ANOTHER PLEASANT VALLEY SUNDAE • by Adele Evershed

As Sian enters the café, she hears ABBA’s “Take A Chance On Me” playing softly. She pats her plastic purse, a superstitious tic to reassure herself she deserves to be there. It’s only since moving to the Valleys with her Da’s new job that Sian has had her own money to spend. She enjoys planning what she will do with her pocket money as much as she enjoys spending it. Seeing her friends, she ignores the scowl thrown at her by the owner, Mr. Fulgoni, and hurries over to join them.

Bronwyn squeaks along the banquette to make room. She hands Sian the menu, freckled with coffee stains and what she hopes is ketchup. “I went to see Grease last night with my Mam. That John Travolta is lush.” Bronwyn’s voice is slightly breathless as she imparts this information. Gwen is pressing a stubby finger into the glittery sugar granules she has poured onto the table and offers them to Sian. Sian ducks her head and grabs the menu, hoping she wasn’t expected to lick the crystals from Gwen’s finger. She doesn’t want to appear rude or, worse, ‘stuck-up,’ but she still can’t get used to how her new friends are so familiar with each other. They all happily cluster together in one of the toilet stalls at school gossiping while they take turns to wee. Sian has squeezed herself in and traded tidbits about David Soul or Kate Bush, but she hasn’t been able to drop her knickers in front of them.

Just last week, Gwen unhooked her sanitary towel and passed it to Bronwyn while she put in a fresh pad. Sian could feel her cheeks flaming so she turned to leave when Gwen said, “Sian, if you’re going, can you put this in the incinerator for me?”

She was saved from the embarrassment of having to admit she didn’t know how the ugly machine worked by Delyth, who said, “I’ve got to go to Geography so I’ll do it in a minute now.”

Sian hasn’t started her periods yet, and the thought of having to burn a sanitary towel at school keeps her up at night. The towels sit in her bottom drawer, a wall of cotton bricks waiting for the day she is ‘on the blob,’ as her friends would say. She has practiced looping the tabs of these bricks onto the sanitary belt her Mam bought her and fastening it around her waist. It felt awkward and bulky, as if she was announcing to the world, “Hey, look at me, I’m a woman now,” and not in a cool, Helen Reddy sort of way.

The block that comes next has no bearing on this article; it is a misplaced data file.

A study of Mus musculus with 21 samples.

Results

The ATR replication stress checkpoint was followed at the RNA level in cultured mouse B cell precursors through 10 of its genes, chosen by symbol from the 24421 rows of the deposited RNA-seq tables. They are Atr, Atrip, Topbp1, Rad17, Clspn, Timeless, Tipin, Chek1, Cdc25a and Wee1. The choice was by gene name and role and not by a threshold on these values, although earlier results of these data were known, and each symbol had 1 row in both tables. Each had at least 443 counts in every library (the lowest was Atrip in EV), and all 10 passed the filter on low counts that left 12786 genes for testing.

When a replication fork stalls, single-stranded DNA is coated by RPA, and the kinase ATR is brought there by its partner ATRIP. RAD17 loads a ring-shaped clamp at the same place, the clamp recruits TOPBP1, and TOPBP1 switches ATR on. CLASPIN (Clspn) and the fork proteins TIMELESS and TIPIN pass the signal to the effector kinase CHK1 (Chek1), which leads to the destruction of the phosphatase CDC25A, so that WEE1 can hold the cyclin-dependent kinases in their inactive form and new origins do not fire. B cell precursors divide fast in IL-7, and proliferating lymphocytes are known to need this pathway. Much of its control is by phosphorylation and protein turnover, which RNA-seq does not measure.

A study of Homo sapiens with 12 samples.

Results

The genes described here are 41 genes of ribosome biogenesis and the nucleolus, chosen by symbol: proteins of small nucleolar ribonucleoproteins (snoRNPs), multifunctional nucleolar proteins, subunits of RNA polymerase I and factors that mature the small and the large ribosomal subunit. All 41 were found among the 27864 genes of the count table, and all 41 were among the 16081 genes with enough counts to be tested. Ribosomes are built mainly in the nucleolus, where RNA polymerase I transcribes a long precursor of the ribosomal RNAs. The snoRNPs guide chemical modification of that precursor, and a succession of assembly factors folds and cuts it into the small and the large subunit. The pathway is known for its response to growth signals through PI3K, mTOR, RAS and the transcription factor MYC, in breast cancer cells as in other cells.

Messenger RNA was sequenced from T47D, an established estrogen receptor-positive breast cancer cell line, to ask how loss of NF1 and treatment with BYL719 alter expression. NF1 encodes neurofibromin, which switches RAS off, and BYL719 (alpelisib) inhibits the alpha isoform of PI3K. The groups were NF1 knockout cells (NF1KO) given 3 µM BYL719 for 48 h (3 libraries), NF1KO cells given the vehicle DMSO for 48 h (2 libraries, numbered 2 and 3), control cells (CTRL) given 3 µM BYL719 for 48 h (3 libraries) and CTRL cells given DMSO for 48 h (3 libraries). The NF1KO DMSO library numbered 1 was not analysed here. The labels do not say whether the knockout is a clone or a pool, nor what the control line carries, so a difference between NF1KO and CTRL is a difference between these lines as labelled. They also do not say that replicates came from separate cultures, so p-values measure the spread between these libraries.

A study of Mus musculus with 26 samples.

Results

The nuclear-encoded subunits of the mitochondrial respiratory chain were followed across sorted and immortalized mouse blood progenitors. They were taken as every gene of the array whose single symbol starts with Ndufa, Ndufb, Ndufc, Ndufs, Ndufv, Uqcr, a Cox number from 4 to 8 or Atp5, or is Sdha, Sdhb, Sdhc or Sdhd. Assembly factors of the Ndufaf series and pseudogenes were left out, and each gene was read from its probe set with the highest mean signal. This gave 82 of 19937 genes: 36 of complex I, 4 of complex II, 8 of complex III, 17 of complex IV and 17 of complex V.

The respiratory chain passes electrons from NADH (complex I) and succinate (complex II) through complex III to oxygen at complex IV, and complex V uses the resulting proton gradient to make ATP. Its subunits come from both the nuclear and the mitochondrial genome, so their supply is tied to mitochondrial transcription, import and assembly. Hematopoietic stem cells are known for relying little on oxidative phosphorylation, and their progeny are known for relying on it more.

Sian is nudged back into the here and now by Delyth asking, “What do you fancy?” Delyth is backcombing her hair with her fingers and speaking out of the side of her mouth as if she is balancing an imaginary cigarette, so it sounds more like “Who do you fancy?”

This causes Sian a momentary panic until she realizes her friends are all studying their menus. Sian knows the offerings by rote, the photographs of the ice-cream sundaes are lined up like a parade of beauty queens: Miss Peach Melba, glossy with tinned peaches; Miss Banana Split in her signature boat dish; the avant-garde Miss Knickerbocker Glory. They all sigh. They already know they’ll order a cup of frothy coffee each, as they can make one cup last hours without being thrown out.

The waitress appears with her pad. “Well, ladies, have you decided?” she asks.

“Bydd gennym bum coffi os gwelwch yn dda,” says Gwen, smiling sweetly.

The waitress buys herself time by throwing her plait over her shoulder and stroking her parting, where a red dot nestles like a shy bird, but no help is forthcoming. “I’m sorry, but I can’t speak Welsh,” she says eventually. Sian opens her mouth, but a sharp kick under the table from Gwen makes her close it again.

Mr. Fulgoni is watching this whole exchange from behind the cover of the formica counter, his meaty forearms crossed over his chest. “Please, do any of you speak English? Was it coffee, I thought I heard coffee?” the waitress asks. She speaks with the same lilting quality as the girls’ Welsh accent, the accent that got Sian mercilessly teased in her old school in England.

Gwen, still smiling, says, “Dylent fod wedi yn India.”

The waitress grasps the one word she recognizes like a life preserver. “Yes, I’m from India, I’ve only been in Ebbw Vale for a couple of months. I’ve just started here and I was told everybody speaks English.”

Sian looks at the cool, smug faces of her friends. They speak English all the time to each other. At home they may only speak Welsh, but even Sian’s Nan can speak English. In fact, her Nan will only swear in English — she says it’s not as bad as cursing in Welsh. She tries to work out why they won’t put the poor waitress out of her misery. Sian’s family have only just moved back to Wales themselves. These girls were so kind on her first day of school. They scooped her up into their confidences, making her feel that moving to this new town was going to be fine after all. She’s not sure why Gwen told the waitress to go back to India, but she knows this whole situation is making her tingle as if a hundred ants were scuttling over her skin. It’s the same feeling she would get when girls in her old school asked if her family kept sheep in the garden.

Mr Fulgoni has started to lift the counter, but before he can stride over, Sian stands up and says, “Of course we all speak English. The order was for five coffees, but you can make that four, I’m not staying.”

As Sian walks out of the cafe alone, she feels the telltale cramps that hint she is leaving her childhood behind her.


Adele Evershed grew up in Wales in the 70s. She has since lived in Singapore and Hong Kong and is now settled in Connecticut with her family. She has recently started to dabble in flash fiction and has been published in Flashflood Journal, Reflex Fiction and Flash Fiction North.